What Does it Take to Become a Certified Sommelier?

The title of sommelier has meant many things throughout history. The word can be traced to Latin when the word “sauma” referred to the load a pack animal carries. Centuries later, the word “saumalier” was the one who drove pack animals. During the period of the French Revolution  the world “sommelier” came to mean the court official that was in charge of transporting the king’s supplies from palace to palace.

Now, the term sommelier is applied to those who work with wine, either in a restaurant or shop, or also in the industry working as importers, writers, or wholesalers. Typically, the title of sommelier denotes that some form of certification has been earned, and we’ve recently been celebrating the certification of two of our employees.

In the United States, there are several ways to become a certified sommelier. Two of the most popular are the Court of Master Sommeliers (CMS) and the International Sommelier Guild (ISG).

The Court of Master Sommeliers is an international organization that was founded in the 1970’s. The Court has four levels of certification: Introductory, Certified, Advanced, and Master.

The Introductory level covers the basics of wine: common varietals and wine growing regions, along with the winemaking process and wine and food pairings. One of our employees, Seth, passed his Introductory exam in June


The Certified level involves passing a three-part exam. The first part covers the theory of wine and builds on the topics covered in the Introductory level. It includes multiple-choice and short answer questions. The second component focuses on service, each candidate must decant wine and pour Champagne in a mock restaurant environment. Finally, candidates are given a “blind” tasting of two wines and must recognize the wine based only on its aromas and flavors. Currently, we have three sommeliers at this level on our staff. Susie Long and Spencer English took their Certified Sommelier exam in June and were two of the only three candidates from Little Rock to pass. Another of our staff members, Keegan, passed his certification exam in 2015.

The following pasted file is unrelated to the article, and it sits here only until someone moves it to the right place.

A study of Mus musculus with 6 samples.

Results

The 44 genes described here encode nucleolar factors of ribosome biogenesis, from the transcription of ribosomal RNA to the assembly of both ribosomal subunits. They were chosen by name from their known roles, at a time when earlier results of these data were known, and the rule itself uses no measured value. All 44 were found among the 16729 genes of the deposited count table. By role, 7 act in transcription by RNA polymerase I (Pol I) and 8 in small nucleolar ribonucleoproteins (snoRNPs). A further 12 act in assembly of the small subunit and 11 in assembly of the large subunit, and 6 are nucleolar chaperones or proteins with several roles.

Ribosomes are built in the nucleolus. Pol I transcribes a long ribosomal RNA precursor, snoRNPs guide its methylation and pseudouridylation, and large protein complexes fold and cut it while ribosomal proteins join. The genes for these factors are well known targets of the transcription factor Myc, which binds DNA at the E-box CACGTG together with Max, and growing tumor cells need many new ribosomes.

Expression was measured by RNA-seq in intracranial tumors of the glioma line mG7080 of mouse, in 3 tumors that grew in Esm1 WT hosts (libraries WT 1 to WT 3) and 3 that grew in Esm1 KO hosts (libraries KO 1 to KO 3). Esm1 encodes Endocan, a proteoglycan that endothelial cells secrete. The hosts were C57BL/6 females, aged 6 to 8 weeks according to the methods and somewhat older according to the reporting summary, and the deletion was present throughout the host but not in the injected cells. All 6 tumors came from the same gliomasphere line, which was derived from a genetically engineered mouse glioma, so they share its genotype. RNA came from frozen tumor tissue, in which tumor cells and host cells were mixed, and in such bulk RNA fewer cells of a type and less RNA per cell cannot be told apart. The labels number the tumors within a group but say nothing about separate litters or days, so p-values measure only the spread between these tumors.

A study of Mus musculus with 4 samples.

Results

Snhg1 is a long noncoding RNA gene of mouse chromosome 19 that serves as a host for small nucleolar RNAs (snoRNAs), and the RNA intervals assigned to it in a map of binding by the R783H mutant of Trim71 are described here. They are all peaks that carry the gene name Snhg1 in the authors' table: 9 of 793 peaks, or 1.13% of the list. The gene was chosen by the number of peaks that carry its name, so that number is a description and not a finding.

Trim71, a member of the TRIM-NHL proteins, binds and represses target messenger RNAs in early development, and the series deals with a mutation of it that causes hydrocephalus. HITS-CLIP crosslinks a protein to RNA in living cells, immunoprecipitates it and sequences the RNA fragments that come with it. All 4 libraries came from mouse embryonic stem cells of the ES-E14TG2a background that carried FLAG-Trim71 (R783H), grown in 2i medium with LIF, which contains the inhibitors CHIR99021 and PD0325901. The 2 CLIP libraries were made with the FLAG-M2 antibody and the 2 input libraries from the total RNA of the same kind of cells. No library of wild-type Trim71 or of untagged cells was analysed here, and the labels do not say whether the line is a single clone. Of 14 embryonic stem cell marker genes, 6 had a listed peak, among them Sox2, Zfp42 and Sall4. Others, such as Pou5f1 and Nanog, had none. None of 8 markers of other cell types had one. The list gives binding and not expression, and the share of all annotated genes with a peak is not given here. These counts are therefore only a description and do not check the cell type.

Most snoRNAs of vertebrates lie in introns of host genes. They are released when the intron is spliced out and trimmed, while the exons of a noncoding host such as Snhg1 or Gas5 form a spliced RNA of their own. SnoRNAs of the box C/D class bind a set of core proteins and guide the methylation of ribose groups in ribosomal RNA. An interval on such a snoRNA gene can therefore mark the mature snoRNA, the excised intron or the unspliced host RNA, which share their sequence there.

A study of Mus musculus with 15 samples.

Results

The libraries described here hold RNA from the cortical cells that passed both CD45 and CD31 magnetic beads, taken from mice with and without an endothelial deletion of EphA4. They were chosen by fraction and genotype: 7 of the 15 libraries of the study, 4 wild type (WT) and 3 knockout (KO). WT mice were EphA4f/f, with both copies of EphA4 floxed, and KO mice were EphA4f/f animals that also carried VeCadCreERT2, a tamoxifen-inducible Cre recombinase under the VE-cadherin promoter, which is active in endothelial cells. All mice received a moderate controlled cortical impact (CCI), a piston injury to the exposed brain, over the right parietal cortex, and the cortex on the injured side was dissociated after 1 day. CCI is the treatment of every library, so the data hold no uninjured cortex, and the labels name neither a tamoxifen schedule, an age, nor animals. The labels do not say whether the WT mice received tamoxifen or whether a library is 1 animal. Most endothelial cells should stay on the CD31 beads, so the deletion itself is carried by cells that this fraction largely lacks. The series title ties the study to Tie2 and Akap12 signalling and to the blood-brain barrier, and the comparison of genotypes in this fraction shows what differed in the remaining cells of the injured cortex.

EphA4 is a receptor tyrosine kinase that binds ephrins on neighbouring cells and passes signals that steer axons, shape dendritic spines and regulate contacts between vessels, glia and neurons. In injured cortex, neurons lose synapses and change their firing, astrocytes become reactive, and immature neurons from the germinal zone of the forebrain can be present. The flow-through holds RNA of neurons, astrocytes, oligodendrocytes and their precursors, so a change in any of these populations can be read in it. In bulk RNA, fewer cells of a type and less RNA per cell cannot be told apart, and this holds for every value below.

The third level of certification is the Advanced level, in which candidates are tested over an even greater knowledge base. Like the Certified level, the exam is given in three parts. The Court recommends that candidates give themselves 2 years to completely study for the exam. The pass rate for the Advanced level is only 30%.

The final level of certification is the Master level. It’s the pinnacle of certification in the profession and is the hardest level to complete. Only 230 people have ever passed the Master level exam, and they now administer the Introductory exam. The pass rate for this level is less than 10%.

The other major certification body, the International Sommelier Guild, certifies sommeliers by direct instruction, and is licensed by the Boards of Education in each state and country where it conducts education and examinations. This group’s focus is on allowing restaurant staff and hospitality schools students the chance to achieve college level accreditation as well as the professional certification as sommelier.  Their program involves an intensive six months of weekly classes (8 hours each) and passing a six part examination that takes place over two days and encompasses a blind tasting, a written exam, multiple essays, a service exam, and a practicum involving a business plan. Our owner Jonathan Looney possesses the Certified Sommelier (CS) designation, and has completed the Teacher Education Program (TEP)  from the Guild.


How does one prepare for a sommelier exam? Well, obviously, drinking wine helps. Blind tastings are a key part of exams and it’s important for each candidate to be able to recognize the key distinctions between varieties. Though nebbiolo and cabernet sauvignon might taste similar to the untrained, a well prepared candidate can easily taste the difference.

Tasting isn’t everything, however, and the best way to study is by reading any other excellent wine books that are available. Karen McNiel’s The Wine Bible is one that our staff has found exceptionally helpful.

Having a sommelier on staff is a point of pride for any shop or restaurant, and we’re thrilled to have four working here. We don’t like to brag on them too much, but if you let them give you a recommendation, we don’t think they’d steer you wrong!